On Mother's Day in Lithuania, we speak with mothers who work at Danske Bank and are balancing happy motherhood and joyful work. Mothers have no doubt that these two areas are inextricably linked, and a supportive employer and inspiring co-workers help to maintain the balance between family and work.

Gabriele Gedutiene, Head of Transformation & Implementation team, has been with Danske Bank Lithuania for five years. She was developing various competencies and advancing as a professional in her field during this time, while her current position as a team leader was one she accepted as soon as she returned from maternity leave.

"My children, seven-year-old Benas and one-and-a-half-year-old Kaja, see a great example – a working and self-realising mother. This, I believe, will motivate them to pursue their goals and dreams in life. Benas has visited the office several times, attended meetings that I facilitate, gotten to know colleagues, and even tried out the tools that we use in our teams on a daily basis. Little Kaja is still only understandingly watching her mother work from home, but I have no doubt she will accompany me to the office when the lockdown is lifted,” Gabriele says of her children.



 “My children, see a great example – a working and self-realising mother.”

 Gabriele Gedutiene

 

 

 

Working in a dynamic and fast-paced job while raising two children can be challenging, but Gabriele is grateful for the balance she found at Danske Bank. 

“My family comes first, but an interesting and meaningful job, friendly co-workers, and ongoing development are also important to me. I feel valued, and I am grateful for who I am and what I have. Thanks to Danske Bank and my colleagues,” says Gabriele. 

Currently, over 250 Danske Bank employees in Lithuania are on parental leave, and organisation is ensuring that they all feel a part of the bank and do not lose touch with the workplace. Employees on parental leave are provided with critical illness and accident insurance, a health insurance discount, access to all partner discounts, and are welcome to use the in-house gyms once the lockdown is lifted. In addition, employees receive event invitations, Christmas gifts, and quarterly newsletters with important updates on what is going on in the organisation.

Ona Juodkiene, IT Lead for the Risk tribe and member of Danske Bank Group's Diversity & Inclusion Council, notes that a smooth return to work, which the employer can ensure, is just as important as attention during parental leave.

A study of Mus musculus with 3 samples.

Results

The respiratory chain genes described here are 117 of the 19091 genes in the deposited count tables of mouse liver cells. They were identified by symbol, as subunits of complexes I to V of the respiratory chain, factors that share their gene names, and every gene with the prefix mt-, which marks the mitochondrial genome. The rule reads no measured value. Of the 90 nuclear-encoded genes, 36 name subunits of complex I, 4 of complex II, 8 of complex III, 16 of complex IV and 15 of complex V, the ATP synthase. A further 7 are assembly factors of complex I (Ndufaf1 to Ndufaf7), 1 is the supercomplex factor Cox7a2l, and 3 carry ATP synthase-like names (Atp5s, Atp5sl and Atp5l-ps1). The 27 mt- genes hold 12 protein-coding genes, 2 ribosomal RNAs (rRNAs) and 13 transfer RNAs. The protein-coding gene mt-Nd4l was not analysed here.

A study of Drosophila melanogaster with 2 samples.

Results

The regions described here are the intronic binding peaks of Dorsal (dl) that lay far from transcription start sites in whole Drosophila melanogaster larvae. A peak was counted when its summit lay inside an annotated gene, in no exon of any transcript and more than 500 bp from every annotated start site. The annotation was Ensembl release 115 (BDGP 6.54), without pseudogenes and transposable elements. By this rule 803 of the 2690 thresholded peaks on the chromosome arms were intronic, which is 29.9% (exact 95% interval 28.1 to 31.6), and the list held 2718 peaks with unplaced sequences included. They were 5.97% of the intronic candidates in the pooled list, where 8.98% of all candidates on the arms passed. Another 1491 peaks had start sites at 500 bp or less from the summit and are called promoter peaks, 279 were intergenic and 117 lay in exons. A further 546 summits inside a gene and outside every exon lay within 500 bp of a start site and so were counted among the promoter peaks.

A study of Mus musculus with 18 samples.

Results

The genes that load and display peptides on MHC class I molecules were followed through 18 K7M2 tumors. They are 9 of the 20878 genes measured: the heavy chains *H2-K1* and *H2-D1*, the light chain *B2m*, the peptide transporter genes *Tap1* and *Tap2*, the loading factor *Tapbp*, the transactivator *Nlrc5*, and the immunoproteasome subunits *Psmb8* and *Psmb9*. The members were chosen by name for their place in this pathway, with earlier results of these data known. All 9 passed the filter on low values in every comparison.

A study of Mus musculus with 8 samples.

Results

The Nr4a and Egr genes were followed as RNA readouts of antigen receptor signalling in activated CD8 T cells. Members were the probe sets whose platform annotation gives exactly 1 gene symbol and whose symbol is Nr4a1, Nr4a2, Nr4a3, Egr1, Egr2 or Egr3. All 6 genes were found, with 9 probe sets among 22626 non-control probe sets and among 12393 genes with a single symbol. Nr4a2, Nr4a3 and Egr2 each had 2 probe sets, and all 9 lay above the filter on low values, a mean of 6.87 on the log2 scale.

"At the moment, we are focusing our efforts on ensuring that parents return to work smoothly after taking parental leave. We make certain that the remuneration of working parents is reviewed and adjusted to reflect the changing market situation. This helps to ensure that none of our employees face financial difficulties as a result of their decision to raise children,” says Ona.

In addition to reviewing remuneration based on market changes, Danske Bank offers flexible work-from-home opportunities and a one-time cash allowance of 700 EUR to upgrade individual home office. When the lockdown is lifted, parents will be able to bring their children to the office, where a kids-friendly work environment awaits them.

As a mother of an 8-year-old daughter, Ona notices that, in addition to the benefits and opportunities provided by employer, she always feels the special support and help of her colleagues, which she considers to be especially important. 

“In addition to the benefits and opportunities provided by employer, I always feel the special support and help from my colleagues, which is especially important.”

Ona Juodkiene



“As an employee, I care not only about the message the organisation sends about its culture, but also about whether or not its employees believe and live that message. While working at Danske Bank, I witnessed not only the organisation's efforts to assist working mothers, but also the genuine concern of co-workers. My daughter was hospitalised for an infection when she was four. I didn't leave her for a single second while we were in the hospital for a week. Throughout this time, I've received numerous calls and messages from colleagues who have expressed genuine concern. Despite the fact that I had planned everything ahead of time, it was reassuring to know that I work with people who are concerned about my and my daughter's well-being,” says Ona. 

Mothers have no doubt that relationships based on mutual help and trust in an organisation allow everyone to feel stable and realise themselves, transferring positive energy from work to home and vice versa.